This quote from the powerlifting community rings true on so many levels. The squat is a highly technical lift, and as such, requires frequent practice with perfect technique. It isn’t enough to simply squat on an ad hoc basis, rotating them into your routine as and when you feel. If you’re serious about boosting squat strength, they need to be your main exercise. Not only that, but you need to strip things right back to basics, re-learn the perfect technique and gradually work your way up to a super squat.
Learning from the Lifters
To squat big weights, you need to look at the guys with the biggest squats. These are powerlifters. The bodybuilders at your gym might have huge thighs, but chances are, they’re not quite as strong as they look. Watch a bodybuilder squat, and you’re unlikely to see the bar bend with the colossal weight that you would when a powerlifter steps under the barbell. Not only that, but bodybuilders and gym rats tend to cut their reps short, and lift with improper form. So how do powerlifters squat, and what are the key things you need to do?
Key Tips for Squatting
Visualize the Lift
Before you even approach the bar, think about how you’re going to squat. Get mentally prepared as you walk toward the rack, and have a strong mental attitude. Take a grip of the bar and get ready to set up.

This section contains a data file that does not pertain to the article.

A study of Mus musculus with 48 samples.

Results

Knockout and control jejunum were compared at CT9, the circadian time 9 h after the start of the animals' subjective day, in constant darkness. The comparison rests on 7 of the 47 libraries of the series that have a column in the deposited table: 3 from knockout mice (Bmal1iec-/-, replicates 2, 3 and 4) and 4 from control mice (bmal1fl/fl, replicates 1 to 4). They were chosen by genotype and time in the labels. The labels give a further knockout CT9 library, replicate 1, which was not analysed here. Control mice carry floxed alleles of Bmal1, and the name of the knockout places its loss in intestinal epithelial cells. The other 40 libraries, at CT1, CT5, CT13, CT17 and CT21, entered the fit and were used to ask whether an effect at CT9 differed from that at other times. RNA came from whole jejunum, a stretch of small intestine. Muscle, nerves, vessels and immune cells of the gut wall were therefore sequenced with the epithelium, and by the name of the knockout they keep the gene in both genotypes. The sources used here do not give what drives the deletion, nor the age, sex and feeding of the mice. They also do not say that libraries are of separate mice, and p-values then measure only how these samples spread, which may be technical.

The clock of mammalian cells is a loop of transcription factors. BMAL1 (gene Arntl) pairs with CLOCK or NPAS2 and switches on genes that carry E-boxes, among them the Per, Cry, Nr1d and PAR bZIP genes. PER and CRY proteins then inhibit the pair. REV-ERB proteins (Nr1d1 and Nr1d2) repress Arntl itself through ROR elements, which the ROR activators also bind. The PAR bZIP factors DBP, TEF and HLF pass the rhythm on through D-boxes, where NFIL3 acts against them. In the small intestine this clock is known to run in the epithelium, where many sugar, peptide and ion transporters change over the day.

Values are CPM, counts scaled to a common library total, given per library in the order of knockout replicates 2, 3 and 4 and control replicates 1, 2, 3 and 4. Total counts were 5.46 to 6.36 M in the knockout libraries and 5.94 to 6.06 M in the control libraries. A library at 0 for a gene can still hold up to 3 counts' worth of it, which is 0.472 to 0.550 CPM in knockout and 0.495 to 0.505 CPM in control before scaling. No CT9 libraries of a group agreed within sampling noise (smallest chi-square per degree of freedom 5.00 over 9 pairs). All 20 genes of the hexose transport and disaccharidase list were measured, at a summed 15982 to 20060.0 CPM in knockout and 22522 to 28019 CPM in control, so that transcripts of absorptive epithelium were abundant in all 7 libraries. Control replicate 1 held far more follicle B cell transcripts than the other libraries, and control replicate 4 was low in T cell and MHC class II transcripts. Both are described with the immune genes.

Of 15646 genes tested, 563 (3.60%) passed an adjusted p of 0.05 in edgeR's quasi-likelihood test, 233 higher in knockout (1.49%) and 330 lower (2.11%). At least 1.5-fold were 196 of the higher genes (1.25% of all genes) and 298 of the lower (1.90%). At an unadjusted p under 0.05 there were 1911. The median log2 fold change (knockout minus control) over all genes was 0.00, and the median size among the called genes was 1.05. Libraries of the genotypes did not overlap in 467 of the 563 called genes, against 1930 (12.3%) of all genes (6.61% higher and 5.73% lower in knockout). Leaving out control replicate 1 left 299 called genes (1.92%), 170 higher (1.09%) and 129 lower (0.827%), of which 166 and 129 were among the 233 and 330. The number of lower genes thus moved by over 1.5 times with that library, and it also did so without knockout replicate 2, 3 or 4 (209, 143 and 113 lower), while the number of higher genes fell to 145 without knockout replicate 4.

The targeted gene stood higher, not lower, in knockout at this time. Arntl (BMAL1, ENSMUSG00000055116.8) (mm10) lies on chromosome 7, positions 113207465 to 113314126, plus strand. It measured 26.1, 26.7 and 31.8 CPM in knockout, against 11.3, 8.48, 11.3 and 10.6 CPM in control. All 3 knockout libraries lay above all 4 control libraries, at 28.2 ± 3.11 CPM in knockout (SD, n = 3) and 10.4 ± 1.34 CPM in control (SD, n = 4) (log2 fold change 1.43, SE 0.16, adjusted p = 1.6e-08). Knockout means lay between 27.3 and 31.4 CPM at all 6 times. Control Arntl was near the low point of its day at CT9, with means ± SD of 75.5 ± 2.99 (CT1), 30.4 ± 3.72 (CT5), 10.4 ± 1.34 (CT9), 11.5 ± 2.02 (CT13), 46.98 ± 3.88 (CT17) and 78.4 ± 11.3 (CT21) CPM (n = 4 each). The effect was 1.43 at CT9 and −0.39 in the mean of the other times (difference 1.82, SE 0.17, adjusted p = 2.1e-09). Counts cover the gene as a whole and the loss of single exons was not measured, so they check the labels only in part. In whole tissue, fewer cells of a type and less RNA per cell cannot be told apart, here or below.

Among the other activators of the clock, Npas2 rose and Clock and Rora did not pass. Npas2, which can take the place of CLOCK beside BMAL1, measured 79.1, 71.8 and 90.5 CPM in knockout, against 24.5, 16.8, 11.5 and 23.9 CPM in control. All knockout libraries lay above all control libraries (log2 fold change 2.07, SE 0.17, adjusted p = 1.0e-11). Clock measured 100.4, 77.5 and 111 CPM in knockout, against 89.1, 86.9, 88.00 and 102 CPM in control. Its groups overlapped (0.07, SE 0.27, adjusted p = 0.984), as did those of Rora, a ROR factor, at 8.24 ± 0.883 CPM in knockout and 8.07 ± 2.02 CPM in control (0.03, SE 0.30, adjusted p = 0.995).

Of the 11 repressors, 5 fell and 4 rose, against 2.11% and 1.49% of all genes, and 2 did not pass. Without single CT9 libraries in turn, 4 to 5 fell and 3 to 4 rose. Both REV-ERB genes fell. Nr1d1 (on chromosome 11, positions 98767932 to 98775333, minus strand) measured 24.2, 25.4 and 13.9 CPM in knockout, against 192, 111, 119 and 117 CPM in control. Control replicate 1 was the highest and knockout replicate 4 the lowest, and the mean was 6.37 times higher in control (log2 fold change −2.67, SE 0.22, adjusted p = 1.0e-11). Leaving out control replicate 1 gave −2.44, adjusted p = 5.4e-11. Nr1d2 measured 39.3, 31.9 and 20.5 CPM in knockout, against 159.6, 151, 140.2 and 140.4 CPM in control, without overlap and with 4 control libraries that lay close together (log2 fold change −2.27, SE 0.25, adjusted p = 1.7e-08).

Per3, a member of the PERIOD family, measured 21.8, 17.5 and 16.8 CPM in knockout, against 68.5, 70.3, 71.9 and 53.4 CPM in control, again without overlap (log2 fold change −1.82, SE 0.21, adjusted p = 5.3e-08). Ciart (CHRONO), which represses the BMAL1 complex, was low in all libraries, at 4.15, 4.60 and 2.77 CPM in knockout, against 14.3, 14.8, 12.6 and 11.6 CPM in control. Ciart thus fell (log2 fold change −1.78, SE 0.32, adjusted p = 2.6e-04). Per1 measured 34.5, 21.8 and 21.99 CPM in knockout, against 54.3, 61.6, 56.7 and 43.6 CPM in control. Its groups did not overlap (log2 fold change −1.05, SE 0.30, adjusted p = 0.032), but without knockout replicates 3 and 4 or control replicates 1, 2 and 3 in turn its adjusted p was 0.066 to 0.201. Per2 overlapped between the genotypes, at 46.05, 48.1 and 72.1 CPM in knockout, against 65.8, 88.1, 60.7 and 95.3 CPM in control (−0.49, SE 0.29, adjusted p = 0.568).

The Set Up
First thing to look at is your grip width. This generally depends on your arm length and degree of shoulder mobility. If you have long arms and/or poor shoulder mobility, go for a wide grip. If you’ve got shorter arms and/or highly mobile shoulders, go for a slightly wider than shoulder-width grip. Duck under the bar so it sits across your upper back.
Squeeze the life out of the bar as hard as you can. The tighter you can get, the more muscles you recruit and the stronger you’ll be. You also need to squeeze your shoulder blades together and point your elbows toward the floor. This creates a ledge for the bar to sit on. It should be across your mid-traps, NOT on your neck or resting precariously on your shoulders. Once you’ve got a stable position, lift the bar out of the rack and take two steps back with each leg.
Back, Not Down
Contrary to what you might think, the squat is a “back” movement, not a “down” one. By dropping straight down, all the emphasis is on your quads. While these are relatively strong, they’re nothing in comparison with your hamstrings and glutes. Think “hips back, knees out” as you descend to keep the tension on the glutes and hams.
Keep pushing back and down until your hips are just below your knee joint. (Note – if you cut your squats higher than this, it is not a squat. Not only are you not getting all the benefits, but if you intend to compete in powerlifting, this won’t qualify as a successful lift.)
On the Up
As you stand back up, drive forcefully through your heels. Keep your head looking straight ahead, with your abdominals braced as tightly as possible. A good cue here is “big chest.” By keeping your chest up, the bar stays directly over your center of gravity and you avoid rounding your lower-back – a big no-no.